Confusing? Not really. Maurice said he simply wants his five skaters in the game, whoever they might be, to be moving as one and in proper position.

"Move as five," he said today. "Move as five on the puck, support the puck and make sure we're coming to the puck instead of going away from it.

"One of the first signs of a team that is struggling or you're just not as intense as you'd like them to be, when you're watching it on TV you don't see enough guys in the screen. They're spreading out, the gaps are too big, the D aren't up with the forwards on the rush or defensively they're sagging back too much.

"Move as five. When a team is going well, you can see there's five guys on the screen. That was the main focus (in practice): puck support, moving as five."

Another objective for the Canes is a faster start. For whatever reason — blame the schedule for too many games in compact periods of time, or having too many days between games — the Canes have been slow getting started in recent games.

"We're as rested as we can be," he said. "So the concerns you look for now is how sharp will we be out of the gate. You go back and look at our last bulk of games and we haven't been quick out of the gate as it was, so we like to think we saved some energy and at the same time covered some things."

Everyone was at today's practice at the RecZone and ready to play on the two-game trip. The lines today had Eric Staal centering Tuomo Ruutu and Sergei Samsonov; Brandon Sutter with Jeff Skinner and Erik Cole; Pat Dwyer centering Chad LaRose and Jussi Jokinen; and Ryan Carter with Troy Bodie and Jiri Tlusty. The D pairs are unchanged.






One issue that comes up with the Hurricanes is that of pure speed and skating.  The Hurricanes system works far better with fast and aggressive skaters; but it also requires extreme attention to detail.  In many of the scores, players with all tremendous intentions are out of position. Specifically, one will see no high forward and suddenly the opposing team is screaming down the ice with an odd man rush.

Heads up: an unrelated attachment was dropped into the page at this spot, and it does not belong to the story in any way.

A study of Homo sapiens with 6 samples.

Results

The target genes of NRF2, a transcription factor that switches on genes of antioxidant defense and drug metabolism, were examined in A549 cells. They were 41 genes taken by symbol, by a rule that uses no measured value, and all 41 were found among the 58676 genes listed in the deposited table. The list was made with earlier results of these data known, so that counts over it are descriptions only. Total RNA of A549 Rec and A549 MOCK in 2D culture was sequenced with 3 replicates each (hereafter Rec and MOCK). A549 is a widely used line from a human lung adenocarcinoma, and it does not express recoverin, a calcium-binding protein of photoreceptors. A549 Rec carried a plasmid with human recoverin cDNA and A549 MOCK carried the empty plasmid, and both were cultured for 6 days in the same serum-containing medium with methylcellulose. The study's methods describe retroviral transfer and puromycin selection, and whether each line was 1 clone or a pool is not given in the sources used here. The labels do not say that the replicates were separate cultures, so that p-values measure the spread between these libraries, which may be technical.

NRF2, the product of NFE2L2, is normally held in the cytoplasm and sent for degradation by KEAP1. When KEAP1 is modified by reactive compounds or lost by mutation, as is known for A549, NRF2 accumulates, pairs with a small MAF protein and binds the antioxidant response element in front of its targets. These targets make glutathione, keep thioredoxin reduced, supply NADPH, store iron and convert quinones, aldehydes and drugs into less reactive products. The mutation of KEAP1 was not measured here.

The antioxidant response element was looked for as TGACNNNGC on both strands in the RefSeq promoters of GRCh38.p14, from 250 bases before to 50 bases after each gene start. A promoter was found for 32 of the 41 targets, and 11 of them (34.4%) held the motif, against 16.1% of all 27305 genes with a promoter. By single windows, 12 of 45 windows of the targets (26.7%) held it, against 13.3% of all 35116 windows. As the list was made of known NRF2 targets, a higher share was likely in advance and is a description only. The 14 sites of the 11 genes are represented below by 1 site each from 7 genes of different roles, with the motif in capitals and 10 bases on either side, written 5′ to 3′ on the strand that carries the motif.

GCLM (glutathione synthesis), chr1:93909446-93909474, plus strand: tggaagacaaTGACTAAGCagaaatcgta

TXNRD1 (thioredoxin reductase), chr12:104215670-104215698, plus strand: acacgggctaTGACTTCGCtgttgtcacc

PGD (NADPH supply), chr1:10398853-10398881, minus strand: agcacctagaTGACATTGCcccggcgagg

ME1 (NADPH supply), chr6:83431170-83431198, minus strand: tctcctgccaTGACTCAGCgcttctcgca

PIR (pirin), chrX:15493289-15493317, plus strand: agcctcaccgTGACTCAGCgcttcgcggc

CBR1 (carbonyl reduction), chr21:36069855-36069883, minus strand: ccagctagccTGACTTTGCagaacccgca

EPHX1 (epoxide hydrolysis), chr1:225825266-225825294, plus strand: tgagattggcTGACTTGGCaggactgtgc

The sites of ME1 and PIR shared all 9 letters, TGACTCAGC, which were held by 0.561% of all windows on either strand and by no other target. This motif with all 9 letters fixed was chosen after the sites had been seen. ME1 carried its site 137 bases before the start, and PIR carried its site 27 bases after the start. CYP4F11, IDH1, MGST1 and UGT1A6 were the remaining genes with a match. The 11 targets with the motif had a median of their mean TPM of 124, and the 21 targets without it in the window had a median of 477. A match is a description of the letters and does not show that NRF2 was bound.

I personally see a correlation between which lines are on the ice and the amount of open ice the opposing team enjoys.  The blazingly fast players who also skate extremely well like Sutter, Dwyer, Skinner (who is much faster than some people realize)  Staal, and Pitkanen have an advantage because they have the benefit of make-up speed and agility.    For Harrison or Samsonov, by contrast, the lack of make-up speed means once they are out of position, it's harder for them to recover.  LaRose sometimes is so caught up in the fight for the puck, he doesn't stay in a position to give support to the defense. 

   Hopefully, as the players get more familiar with each other and their roles, the Canes will be swarming in a group of five and skating downhill.  When they have their game going, it's really fun to watch. 


Players like Cullen (another

Players like Cullen (another fast skater), Whitney, Hedican, and Kapanen thrived in this system. For slow players, it's a struggle. The downside of the Canes system is the difficulty in building a roster that is both fast and big. That's why JR paid Pitkanen so much.

I remember a game early in Tanabe's career when there was a breakaway. The other team's forward had two full strides on Tanabe, who caught him from behind before there was a shot. The forward (I forget who) was astonished. Tanabe had weaknesses in his game, but before his injuries he was a fast guy for his size.


A Raleigh native, Chip has worked at the N&O since 1979 and is the Canes beat writer. He can be reached at You can follow him on Twitter at @ice_chip.